We certainly hope that Ireland do get to the World Cup finals. Irish participation in the 1990, 1994 and 2002 tournaments were occasions of great joy at home and in immigrant communities abroad.
This first victory, however, left a certain bitter aftertaste. The Football Association of Ireland and manager Giovianni Trapattoni insisted on a neutral venue — the game was played in Mainz in western Germany — because of the recent war between Georgia and Russia. In the circumstances, this was nothing less than gamesmanship on the part of the Irish. The shooting stopped several weeks ago, following a European Union-negotiated peace agreement. There was no real risk attached to going to Tbilisi; certainly not any more than traveling to Israel at the best of times, yet somehow the Republic managed to play a game there during the last World Cup qualification campaign.
It’s worth recalling that Ireland itself was once the victim of over-hyped fears and threats. The Scotland and Wales rugby teams, for instance, refused to travel to Dublin to fulfill championship fixtures in 1972 because of the worsening situation in Northern Ireland. It was a cruel blow for fans in a season in which the coveted Grand Slam was tantalizingly within reach, as the Irish had beaten France and England in Paris and London.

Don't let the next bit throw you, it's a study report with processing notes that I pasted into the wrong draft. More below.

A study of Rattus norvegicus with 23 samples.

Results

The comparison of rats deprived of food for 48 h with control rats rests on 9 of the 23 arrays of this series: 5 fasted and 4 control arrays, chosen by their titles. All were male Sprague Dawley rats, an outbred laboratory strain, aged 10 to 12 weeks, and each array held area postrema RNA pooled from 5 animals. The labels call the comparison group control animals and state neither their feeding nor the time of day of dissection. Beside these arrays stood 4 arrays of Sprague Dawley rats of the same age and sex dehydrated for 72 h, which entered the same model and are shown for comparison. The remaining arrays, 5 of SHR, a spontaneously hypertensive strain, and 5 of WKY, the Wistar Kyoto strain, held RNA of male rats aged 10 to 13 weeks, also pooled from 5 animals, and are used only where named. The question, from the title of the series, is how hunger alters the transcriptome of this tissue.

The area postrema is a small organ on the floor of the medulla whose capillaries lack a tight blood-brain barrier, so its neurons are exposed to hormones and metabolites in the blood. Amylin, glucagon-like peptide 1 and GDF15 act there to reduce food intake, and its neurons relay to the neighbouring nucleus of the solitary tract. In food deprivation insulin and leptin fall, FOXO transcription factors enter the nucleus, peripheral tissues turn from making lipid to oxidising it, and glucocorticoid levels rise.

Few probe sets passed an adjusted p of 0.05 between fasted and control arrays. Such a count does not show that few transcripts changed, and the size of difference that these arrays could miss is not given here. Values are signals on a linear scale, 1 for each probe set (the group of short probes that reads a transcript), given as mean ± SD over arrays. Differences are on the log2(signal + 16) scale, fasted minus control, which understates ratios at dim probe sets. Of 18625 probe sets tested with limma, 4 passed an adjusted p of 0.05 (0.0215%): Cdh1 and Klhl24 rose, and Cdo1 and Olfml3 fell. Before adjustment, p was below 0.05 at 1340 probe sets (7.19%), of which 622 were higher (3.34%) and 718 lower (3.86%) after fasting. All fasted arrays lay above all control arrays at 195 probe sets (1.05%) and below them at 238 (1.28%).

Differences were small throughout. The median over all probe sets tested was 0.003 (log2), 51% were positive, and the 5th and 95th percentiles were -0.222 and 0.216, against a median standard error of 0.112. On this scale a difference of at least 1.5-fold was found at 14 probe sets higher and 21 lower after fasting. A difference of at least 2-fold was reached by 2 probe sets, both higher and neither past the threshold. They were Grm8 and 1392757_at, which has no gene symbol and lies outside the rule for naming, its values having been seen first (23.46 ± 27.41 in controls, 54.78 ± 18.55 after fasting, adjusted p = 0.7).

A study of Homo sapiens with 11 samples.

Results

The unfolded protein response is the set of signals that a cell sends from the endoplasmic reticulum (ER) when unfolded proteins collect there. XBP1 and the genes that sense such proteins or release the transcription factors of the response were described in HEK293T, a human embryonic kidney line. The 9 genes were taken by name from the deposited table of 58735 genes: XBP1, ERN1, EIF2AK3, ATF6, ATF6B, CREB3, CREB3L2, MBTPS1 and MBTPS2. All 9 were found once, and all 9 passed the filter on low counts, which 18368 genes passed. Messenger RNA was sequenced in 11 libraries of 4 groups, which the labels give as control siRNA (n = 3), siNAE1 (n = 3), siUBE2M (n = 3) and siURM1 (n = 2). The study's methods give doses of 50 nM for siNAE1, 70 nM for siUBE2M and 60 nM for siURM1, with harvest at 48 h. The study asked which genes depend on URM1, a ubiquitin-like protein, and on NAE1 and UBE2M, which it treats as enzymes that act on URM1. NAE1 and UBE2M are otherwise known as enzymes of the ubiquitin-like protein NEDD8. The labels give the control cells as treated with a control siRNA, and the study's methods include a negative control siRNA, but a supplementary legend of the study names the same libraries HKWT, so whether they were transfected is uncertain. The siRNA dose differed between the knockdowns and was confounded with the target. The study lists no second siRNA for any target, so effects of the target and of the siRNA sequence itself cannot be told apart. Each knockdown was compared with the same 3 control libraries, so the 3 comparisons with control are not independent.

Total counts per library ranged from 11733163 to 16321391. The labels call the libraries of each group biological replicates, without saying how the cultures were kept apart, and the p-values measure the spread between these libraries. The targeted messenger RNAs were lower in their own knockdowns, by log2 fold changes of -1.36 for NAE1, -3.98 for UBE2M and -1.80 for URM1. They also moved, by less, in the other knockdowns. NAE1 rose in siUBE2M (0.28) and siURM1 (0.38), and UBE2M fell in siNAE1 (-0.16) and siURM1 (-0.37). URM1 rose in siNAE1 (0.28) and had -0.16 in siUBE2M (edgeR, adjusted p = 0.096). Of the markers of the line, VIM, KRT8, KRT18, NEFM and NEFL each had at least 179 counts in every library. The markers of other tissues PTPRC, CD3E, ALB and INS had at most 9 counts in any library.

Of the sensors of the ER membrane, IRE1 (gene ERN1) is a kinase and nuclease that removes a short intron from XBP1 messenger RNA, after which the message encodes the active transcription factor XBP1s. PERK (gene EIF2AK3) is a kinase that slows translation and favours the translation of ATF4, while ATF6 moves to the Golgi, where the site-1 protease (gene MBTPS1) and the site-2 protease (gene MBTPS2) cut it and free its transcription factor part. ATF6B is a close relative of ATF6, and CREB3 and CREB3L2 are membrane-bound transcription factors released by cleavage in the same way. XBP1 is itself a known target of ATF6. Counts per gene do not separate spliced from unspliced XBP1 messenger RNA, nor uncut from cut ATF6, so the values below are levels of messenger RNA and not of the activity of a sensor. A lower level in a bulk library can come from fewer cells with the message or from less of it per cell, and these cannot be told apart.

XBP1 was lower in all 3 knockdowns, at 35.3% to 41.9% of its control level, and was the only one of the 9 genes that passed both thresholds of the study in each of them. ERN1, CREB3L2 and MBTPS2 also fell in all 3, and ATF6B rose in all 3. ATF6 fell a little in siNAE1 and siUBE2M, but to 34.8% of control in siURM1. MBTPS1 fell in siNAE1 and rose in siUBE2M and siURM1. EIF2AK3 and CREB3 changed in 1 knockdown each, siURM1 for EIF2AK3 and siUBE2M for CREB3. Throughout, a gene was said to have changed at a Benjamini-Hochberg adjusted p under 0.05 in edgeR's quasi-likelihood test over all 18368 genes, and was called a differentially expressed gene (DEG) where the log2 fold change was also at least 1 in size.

In a sporting gesture, the latter team agreed to play a special game in the Irish capital, and the home fans — Catholic and Protestant, unionist and nationalist — got to see an international game that season. No foreign sportsmen before or since have gotten a rapturous welcome quite like the one the visiting English rugby players received that day.
Well, many expatriate Irish, Scottish, Welsh, English, American and Australasian football fans had long been looking forward to the Republic visiting Tbilisi last week. And let’s not forget the native-born locals who’ve also been through a tough time of late, living in terror of Russian aerial bombing over several days. More than 60,000 fans would have greeted the teams and the traveling Irish supporters at the National Stadium last Saturday.
Whatever the rights and wrongs of the South Ossetia issue, the Irish might have displayed some solidarity with a nation that aspires to join the EU. Instead, a paltry 4,500 turned up in Mainz to see a solid “away” win that was just a little hollow at the same time.